The first Payday: The Heist game was a unique and unapologetic experience in the first person shooter genre. At E3, we got a behind the scenes look at the upcoming Payday 2 from the team at Overkill Software. Payday 2 builds up on the overall solid experience of the first game and adds all those small details critics of Payday: The Heist wanted to see like customizations, improved A.I. and mission variety. From what it looks like, Payday 2 is shaping up to be a massive upgrade of their opening shot.
Players will once again dawn the menacing clown masks of Dallas, Wolf, Hoxton, and Chains as they look to unleash an epic crime spree all over our nations capital, Washington D.C. However this time around players don’t just start out as master bank robbers, a real sense of progression has been added to the game. Gamers begin as dime store thieves and as the game progresses they unlock new skills, weapons, accessories and masks, eventually becoming notorious master criminals.
One of the first things players will notice is the new robust weapon and character customization system. As you complete jobs and heists, players will earn new modifications for their weapons. Some of these are functional and really alter the way weapons behave; adding the right stock to the butt of an assault rifle changes how fluid your character moves while firing. Other customizations are purely cosmetic and allow players the option of assembling self-esteem building weapons comparable to Castor Troy’s shiny custom Springfield M1911 from the film Face/Off. Even character gear and masks can be customized with different color and material variations in order for gamers to feel like they’ve really left their mark on a crime scene. No longer will we see four bank robbers with the same set of skills. Payday 2 sports four character classes known as “professions,” which go by Mastermind, Enforcer, Ghost, and Technician. Each of them also features their own customization tree for upgrading those specific skills.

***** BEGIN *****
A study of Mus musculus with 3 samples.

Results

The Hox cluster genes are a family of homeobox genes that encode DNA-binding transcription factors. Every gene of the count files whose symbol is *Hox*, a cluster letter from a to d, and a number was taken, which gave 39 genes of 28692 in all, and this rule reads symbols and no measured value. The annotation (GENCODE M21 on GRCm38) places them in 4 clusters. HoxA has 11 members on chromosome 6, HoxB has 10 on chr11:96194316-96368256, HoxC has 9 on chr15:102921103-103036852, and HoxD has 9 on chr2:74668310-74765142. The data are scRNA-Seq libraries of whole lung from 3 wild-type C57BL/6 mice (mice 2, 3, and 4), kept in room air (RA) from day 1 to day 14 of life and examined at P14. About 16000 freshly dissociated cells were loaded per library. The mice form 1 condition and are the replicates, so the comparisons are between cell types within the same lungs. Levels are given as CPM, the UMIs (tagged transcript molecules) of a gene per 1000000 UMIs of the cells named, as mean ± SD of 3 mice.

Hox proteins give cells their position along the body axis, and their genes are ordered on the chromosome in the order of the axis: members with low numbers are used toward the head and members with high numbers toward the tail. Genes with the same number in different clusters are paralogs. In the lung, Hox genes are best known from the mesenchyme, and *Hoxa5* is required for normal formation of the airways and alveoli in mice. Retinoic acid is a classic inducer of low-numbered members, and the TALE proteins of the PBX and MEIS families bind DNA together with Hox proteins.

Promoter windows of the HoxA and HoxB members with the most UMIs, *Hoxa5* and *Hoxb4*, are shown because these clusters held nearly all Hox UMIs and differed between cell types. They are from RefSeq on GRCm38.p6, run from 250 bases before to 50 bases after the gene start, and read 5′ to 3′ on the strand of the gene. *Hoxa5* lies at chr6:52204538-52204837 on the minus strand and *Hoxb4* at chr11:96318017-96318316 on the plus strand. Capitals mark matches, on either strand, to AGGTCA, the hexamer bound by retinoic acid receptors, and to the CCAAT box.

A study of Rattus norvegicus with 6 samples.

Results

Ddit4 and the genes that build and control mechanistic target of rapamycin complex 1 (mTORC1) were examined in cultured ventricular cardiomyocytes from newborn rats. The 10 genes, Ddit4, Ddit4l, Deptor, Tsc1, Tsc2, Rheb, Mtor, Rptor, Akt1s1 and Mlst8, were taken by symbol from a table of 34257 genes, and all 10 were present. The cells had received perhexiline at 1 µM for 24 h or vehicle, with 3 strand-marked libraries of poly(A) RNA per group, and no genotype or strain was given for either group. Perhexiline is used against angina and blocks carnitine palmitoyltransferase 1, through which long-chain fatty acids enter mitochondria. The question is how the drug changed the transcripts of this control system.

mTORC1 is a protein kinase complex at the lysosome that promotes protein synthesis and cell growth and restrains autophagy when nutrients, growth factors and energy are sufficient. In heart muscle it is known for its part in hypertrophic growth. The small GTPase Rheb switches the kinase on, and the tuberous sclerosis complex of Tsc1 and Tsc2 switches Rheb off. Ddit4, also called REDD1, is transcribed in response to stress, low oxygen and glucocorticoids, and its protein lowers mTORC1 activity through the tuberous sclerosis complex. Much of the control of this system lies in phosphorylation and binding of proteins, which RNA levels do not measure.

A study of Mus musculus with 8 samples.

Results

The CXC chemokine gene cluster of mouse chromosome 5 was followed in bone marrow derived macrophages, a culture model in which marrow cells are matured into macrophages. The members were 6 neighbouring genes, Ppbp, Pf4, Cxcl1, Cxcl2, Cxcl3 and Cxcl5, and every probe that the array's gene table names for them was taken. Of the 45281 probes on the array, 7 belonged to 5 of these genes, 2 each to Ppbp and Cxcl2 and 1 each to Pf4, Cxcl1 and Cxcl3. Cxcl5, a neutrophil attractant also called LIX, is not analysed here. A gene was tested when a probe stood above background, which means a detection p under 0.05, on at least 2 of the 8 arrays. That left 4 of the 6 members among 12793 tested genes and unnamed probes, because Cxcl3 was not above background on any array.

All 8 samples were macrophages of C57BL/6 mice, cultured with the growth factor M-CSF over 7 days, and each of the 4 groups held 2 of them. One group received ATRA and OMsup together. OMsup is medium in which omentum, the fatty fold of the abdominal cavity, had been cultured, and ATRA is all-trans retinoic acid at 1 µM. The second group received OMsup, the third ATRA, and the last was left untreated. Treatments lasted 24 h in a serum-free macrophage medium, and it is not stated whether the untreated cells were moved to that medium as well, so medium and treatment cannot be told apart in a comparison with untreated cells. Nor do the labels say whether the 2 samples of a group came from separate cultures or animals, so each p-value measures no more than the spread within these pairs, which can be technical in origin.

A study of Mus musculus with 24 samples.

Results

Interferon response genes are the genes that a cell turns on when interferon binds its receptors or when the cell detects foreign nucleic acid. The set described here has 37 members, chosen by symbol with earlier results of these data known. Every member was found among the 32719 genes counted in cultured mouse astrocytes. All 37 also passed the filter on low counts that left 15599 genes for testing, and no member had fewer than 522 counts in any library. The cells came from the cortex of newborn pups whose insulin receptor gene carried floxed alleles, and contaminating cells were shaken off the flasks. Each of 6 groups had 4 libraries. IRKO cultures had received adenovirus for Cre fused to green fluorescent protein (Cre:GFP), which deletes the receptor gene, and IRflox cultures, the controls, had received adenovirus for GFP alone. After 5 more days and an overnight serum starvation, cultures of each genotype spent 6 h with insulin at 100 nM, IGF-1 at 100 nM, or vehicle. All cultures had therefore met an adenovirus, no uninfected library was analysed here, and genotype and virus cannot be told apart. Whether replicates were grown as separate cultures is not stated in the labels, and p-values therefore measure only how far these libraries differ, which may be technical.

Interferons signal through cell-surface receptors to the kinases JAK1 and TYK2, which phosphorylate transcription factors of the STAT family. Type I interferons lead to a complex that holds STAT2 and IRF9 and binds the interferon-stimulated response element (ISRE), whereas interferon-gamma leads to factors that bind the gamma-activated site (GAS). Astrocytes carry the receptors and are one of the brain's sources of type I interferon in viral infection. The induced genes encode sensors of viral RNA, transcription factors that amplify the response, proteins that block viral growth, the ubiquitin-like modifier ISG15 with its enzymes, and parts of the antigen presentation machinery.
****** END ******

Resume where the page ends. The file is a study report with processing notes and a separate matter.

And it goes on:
The new CRIMENET database lets gamers pick and choose from available jobs by connecting with local contacts such as Vlad the Ukrainian, shady politician “The Elephant” and Mexican drug trafficker Hector, all with their own agenda and best interests in mind. This is an exciting feature with tons of future DLC or community potential for the developer, which hopefully will be leveraged to its full potential in the future.
Perhaps the sweetest augments Payday 2 has this time around are in the gameplay itself. Enemy A.I. has been amped up to be more responsive to the players’ tactics, it feels as if enemy NPCs don’t just run at you with the same set battle plan twice. Enemies will even devise strategies in response to player action like flash banging, breaching tactics, freeing hostages and even recovering loot bags. Every scenario in the game is made to be dynamic and more random, Overkill Software want players to get different experiences every time they replay missions, adding to the overall replay value of the game. Payday 2 also boasts a more polished and smooth look, it’s obvious the team is hitting their stride using the Diesel game engine. Rather than just set pieces, levels feel more compiled with assets like pushing paper off a desk as you duck behind it for cover. The physics of the engine really shine in this game. Bullets hitting their targets have a meatier feel to them, and different classes of ammunition affect targets in different ways. A Beretta doesn’t blow enemies in the game away in the same way a shotgun shell hits them.
Ultimately it feels as though Overkill Software really listened to gamer’s feedback when building their sequel. Payday 2 takes the series from fun romp to serious competition against the big budget shooters out there.